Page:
February 1, 2006 12:26 PM PST
Notebooks pass desktops in U.S. retail
The United States only accounts for roughly 9 percent of the worldwide market, and retail figures exclude sales from large resellers to corporations or direct sales from companies like Dell. Still, retail is an important segment, and overall notebook sales are rising, too. Richard Shim, an analyst at IDC, predicted that overall notebook sales in the U.S. will surpass desktop sales by late 2007. Until recently, the research firm thought that notebook sales would not pass those of desktops until 2008.
Low prices are one of the primary reasons for the surge in laptops. Several manufacturers offer fairly high-performance notebooks for about $1,000, while base-level notebooks can be scooped up for $499 to $699.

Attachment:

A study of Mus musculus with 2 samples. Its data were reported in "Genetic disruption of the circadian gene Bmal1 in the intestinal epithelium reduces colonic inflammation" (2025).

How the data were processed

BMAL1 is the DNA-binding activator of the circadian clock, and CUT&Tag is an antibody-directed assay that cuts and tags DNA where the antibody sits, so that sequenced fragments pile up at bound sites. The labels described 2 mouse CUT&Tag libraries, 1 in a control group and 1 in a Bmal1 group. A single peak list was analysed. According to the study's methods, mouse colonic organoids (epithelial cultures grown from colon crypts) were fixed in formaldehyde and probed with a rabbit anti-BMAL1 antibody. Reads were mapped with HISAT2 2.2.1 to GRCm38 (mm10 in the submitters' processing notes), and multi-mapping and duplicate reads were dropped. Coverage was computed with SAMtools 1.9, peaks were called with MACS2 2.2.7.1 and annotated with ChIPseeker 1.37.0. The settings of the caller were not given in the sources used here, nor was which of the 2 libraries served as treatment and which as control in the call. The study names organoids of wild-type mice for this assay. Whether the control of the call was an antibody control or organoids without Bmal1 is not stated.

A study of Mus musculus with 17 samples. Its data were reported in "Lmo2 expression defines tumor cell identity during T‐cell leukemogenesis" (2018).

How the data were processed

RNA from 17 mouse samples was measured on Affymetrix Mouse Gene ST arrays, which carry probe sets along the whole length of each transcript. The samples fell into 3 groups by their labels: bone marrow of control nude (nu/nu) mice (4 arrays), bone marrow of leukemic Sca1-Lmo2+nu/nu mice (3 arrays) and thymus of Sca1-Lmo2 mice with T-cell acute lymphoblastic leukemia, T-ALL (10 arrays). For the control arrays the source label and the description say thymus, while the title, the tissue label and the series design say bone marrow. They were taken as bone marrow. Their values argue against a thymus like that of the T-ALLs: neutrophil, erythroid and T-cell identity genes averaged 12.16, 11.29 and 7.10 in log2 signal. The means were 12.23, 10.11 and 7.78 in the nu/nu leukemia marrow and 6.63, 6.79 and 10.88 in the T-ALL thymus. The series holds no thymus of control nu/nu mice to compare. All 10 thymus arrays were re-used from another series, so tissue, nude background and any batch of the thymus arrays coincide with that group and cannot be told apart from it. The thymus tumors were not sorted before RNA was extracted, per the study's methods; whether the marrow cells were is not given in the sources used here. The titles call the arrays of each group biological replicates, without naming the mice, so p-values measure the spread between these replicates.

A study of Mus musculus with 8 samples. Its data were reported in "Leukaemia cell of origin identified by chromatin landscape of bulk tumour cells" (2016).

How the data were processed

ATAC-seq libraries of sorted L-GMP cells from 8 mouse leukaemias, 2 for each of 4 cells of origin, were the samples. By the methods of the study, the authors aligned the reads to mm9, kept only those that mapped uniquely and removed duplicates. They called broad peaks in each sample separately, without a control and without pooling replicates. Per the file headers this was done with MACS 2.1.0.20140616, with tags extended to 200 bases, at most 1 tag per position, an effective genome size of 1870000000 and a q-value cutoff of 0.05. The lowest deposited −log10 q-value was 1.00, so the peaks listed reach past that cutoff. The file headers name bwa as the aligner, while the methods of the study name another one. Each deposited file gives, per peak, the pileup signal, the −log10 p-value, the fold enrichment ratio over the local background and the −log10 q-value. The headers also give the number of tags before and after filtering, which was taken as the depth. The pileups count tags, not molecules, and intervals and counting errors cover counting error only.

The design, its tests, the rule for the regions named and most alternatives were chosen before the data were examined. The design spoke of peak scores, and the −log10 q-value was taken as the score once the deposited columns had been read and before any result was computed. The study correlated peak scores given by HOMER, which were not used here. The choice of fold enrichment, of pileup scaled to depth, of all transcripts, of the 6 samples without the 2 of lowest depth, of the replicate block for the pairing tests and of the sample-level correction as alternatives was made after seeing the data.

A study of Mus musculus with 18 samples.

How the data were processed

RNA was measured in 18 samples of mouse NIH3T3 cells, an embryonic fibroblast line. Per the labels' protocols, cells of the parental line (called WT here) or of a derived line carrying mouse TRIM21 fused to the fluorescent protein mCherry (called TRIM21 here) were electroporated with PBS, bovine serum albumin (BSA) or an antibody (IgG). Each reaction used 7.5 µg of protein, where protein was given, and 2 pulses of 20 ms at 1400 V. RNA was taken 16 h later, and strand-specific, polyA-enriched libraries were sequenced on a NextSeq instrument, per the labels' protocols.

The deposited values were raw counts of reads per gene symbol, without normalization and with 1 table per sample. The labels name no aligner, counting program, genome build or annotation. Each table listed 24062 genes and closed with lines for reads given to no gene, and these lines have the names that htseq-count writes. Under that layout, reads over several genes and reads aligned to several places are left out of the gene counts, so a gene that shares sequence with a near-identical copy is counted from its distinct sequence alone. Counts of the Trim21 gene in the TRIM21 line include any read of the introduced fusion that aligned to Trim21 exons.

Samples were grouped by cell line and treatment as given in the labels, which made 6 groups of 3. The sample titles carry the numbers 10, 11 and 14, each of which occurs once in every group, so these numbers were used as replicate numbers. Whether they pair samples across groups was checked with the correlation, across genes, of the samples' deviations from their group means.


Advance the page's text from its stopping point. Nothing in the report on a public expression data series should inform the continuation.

The proliferation of wireless networks since 2003, along with consumer adoption of wireless technologies, has also driven demand. Although most notebooks to date connect wirelessly through Wi-Fi, a number of companies are now selling notebooks with integrated cellular capabilities.
One of the big beneficiaries of the trend has been Intel. Since the 2003 launch of the Centrino mobile-chip bundle, notebooks have played an increasingly large role in Intel's profits. The company recently released a new version of Centrino based around dual-core chips. Rival Advanced Micro Devices experienced an uptick in notebook chip sales in the fourth quarter. Among PC makers, notebook-heavy Toshiba bounced back into the top five computer makers worldwide on the strength of portables.
"We?re seeing a fundamental shift in consumer buying behavior. We expect this trend to continue as 2006 will give the mass market dual-core processors and 64-bit capabilities," said Sam Bhavnani, an analyst at Current Analysis.